1. #1

    Default Forceful letdown/oversupply + anxious mom

    After some major breastfeeding challenges, my six week old had seemed to finally hit his stride with nursing, but I think I've got an oversupply and/or forceful letdown. My breasts get full and firm between almost every feeding, and he often gags/coughs or winces at the beginning, and I still leak frequently. Sometimes I pump for a couple of minutes before nursing, but I'm trying to avoid pumping so my supply can come into line with baby's needs.

    However, in the last 2 days, he'll seem to get an okay latch, but then suck for only a few minutes while making some of that clicking sound that indicates a lack of suction, and come off the breast. I always burp him and put him back on at least once more, and then offer the other breast, and he often sucks for just a little while longer, if at all.

    Because of all the stops and starts, and the shorter feeding times (and because we had a big weight scare early on), I'm constantly anxious that he's not getting enough to eat, or enough hindmilk. I'm also concerned about allowing a bad latch (indicated by clicking noise and sorer than usual nipples), and confused about why he would have suddenly forgotten how to do it. I sometimes offer him a bottle of breastmilk after a super short nursing session, and he's rejected it every time, even spitting out the milk. He still has loads of wet diapers and poops at least once a day, but definitely has uncomfortable gas too. Is he just getting more efficient at feeding, or do I need to do more to counteract oversupply?

  2. #2
    Join Date
    May 2006

    Default Re: Forceful letdown/oversupply + anxious mom

    Welcome to the forum!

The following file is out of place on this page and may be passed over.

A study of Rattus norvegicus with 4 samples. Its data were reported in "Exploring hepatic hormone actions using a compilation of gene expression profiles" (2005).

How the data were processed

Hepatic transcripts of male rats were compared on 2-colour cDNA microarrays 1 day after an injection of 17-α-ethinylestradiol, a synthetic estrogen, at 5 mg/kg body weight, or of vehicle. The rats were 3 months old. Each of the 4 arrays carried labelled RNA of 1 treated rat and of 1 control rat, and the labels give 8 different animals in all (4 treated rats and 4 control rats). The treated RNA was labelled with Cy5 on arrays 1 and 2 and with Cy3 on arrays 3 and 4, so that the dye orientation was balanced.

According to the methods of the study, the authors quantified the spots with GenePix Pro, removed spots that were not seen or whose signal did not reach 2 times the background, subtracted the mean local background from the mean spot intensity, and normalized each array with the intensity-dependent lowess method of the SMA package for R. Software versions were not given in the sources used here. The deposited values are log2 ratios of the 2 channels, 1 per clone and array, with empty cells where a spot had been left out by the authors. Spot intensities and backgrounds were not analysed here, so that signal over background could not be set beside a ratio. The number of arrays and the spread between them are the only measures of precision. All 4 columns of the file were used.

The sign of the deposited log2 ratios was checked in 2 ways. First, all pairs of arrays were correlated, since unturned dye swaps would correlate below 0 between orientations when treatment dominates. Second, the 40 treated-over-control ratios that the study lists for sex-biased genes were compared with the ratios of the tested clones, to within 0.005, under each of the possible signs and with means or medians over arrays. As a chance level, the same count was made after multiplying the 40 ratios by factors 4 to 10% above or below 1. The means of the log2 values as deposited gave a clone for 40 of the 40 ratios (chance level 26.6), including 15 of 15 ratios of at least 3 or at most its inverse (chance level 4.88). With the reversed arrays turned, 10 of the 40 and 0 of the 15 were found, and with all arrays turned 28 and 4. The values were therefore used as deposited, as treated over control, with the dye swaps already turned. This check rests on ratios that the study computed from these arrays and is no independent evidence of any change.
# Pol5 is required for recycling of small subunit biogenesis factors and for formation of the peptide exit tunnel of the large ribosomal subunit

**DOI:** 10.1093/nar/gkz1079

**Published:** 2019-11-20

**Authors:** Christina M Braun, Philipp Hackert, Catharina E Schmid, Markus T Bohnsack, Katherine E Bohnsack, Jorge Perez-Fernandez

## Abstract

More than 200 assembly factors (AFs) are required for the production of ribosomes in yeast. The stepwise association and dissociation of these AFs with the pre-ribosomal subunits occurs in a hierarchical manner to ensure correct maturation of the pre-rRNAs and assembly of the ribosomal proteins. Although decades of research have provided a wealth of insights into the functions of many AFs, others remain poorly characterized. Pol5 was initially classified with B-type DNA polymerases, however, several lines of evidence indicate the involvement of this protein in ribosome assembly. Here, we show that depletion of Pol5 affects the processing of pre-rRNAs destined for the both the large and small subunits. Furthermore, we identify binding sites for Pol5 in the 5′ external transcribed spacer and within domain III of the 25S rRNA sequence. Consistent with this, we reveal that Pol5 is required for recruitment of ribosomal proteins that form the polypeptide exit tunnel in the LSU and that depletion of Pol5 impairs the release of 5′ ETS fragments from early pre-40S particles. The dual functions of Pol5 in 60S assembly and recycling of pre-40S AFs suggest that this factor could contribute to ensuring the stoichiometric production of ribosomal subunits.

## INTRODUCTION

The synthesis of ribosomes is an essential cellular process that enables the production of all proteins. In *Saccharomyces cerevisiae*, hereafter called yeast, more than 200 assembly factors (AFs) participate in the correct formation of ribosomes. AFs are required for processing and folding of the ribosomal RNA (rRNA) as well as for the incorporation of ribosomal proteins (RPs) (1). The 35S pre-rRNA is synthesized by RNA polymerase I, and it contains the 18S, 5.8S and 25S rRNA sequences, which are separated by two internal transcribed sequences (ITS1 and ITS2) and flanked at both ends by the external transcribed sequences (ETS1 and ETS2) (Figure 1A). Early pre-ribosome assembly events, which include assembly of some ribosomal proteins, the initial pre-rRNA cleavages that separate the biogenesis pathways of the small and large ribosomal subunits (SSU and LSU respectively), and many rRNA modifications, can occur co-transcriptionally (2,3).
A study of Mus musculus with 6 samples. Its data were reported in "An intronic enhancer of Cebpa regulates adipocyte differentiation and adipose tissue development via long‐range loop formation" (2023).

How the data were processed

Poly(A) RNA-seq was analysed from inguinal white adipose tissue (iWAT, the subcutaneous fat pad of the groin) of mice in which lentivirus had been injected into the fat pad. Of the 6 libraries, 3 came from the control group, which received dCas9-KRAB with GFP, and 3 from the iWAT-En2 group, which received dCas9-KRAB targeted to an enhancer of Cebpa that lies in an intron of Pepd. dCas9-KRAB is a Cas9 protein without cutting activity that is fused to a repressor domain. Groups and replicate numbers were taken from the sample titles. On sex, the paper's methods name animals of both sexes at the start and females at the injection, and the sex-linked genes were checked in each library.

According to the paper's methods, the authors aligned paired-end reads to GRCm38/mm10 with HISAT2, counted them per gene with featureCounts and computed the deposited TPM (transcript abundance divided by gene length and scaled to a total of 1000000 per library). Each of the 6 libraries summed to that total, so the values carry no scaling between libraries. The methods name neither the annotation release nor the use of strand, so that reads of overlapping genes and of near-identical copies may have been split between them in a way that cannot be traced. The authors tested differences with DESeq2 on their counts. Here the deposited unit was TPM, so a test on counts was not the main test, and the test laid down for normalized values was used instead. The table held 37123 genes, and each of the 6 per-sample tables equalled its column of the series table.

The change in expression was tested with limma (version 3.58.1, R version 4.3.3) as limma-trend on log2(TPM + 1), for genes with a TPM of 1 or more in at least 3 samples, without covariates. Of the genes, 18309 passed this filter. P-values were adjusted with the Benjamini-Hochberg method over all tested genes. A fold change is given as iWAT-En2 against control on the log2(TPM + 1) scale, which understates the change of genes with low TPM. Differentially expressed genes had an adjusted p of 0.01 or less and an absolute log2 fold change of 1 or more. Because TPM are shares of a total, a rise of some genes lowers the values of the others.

Babies who deal with oversupply are often very quick feeders, often getting all their needs met in just 5-10 minutes at the breast. Oversupply causes fast and abundant letdowns, which means that a baby gets a lot of milk very quickly. He is also likely to discover ways to control the letdowns, which can include repeated pulling off, breaking suction, and compression of the nipple. Those things can exhibit themselves as clicking and nipple soreness.

    It's great that you're phasing out the pumping. The more you can put up with the fullness, the more your body will respond by reducing supply to a more reasonable level. The other things you might want to try in order to make nursing easier for the baby are:
    - Offer to nurse frequently. Keeping the nursing intervals short will prevent your breasts from filling up too much and causing you discomfort, and less full breasts will mean less forceful letdowns, making nursing easier for the baby.
    - Try reclined nursing positions. Reclined positions enlist gravity to slow milk flow to the baby, and when mom is reclining the baby is being held on the breast by gravity, which may limit pull-offs. This page has a nice illustration of one version of the laid-back position: http://www.llli.org/btissue5pg04

    If those 2 things aren't enough to handle the problem, you may end up progressing to block feeding. But block feeding is designed to reduce supply, so you only want to do it if you are 100% sure that you have an oversupply, and then only if the oversupply is actually causing problems for the baby.

    Please don't worry about the foremilk/hindmilk thing. All milk- both the so-called foremilk and the so-called hindmilk- contains everything a baby needs to grow and develop. A baby will grow well on so-called foremilk alone, provided he gets enough of it. In fact, babies who deal with oversupply, and therefore eat a lot of foremilk, often grow extremely rapidly. The only problem with consuming a lot of foremilk is that the baby ends up consuming more lactose (milk sugar) than average. This lactose overload can cause gas, fussiness, and green poops. However, none of these things are health problems in a baby who is otherwise growing and developing normally.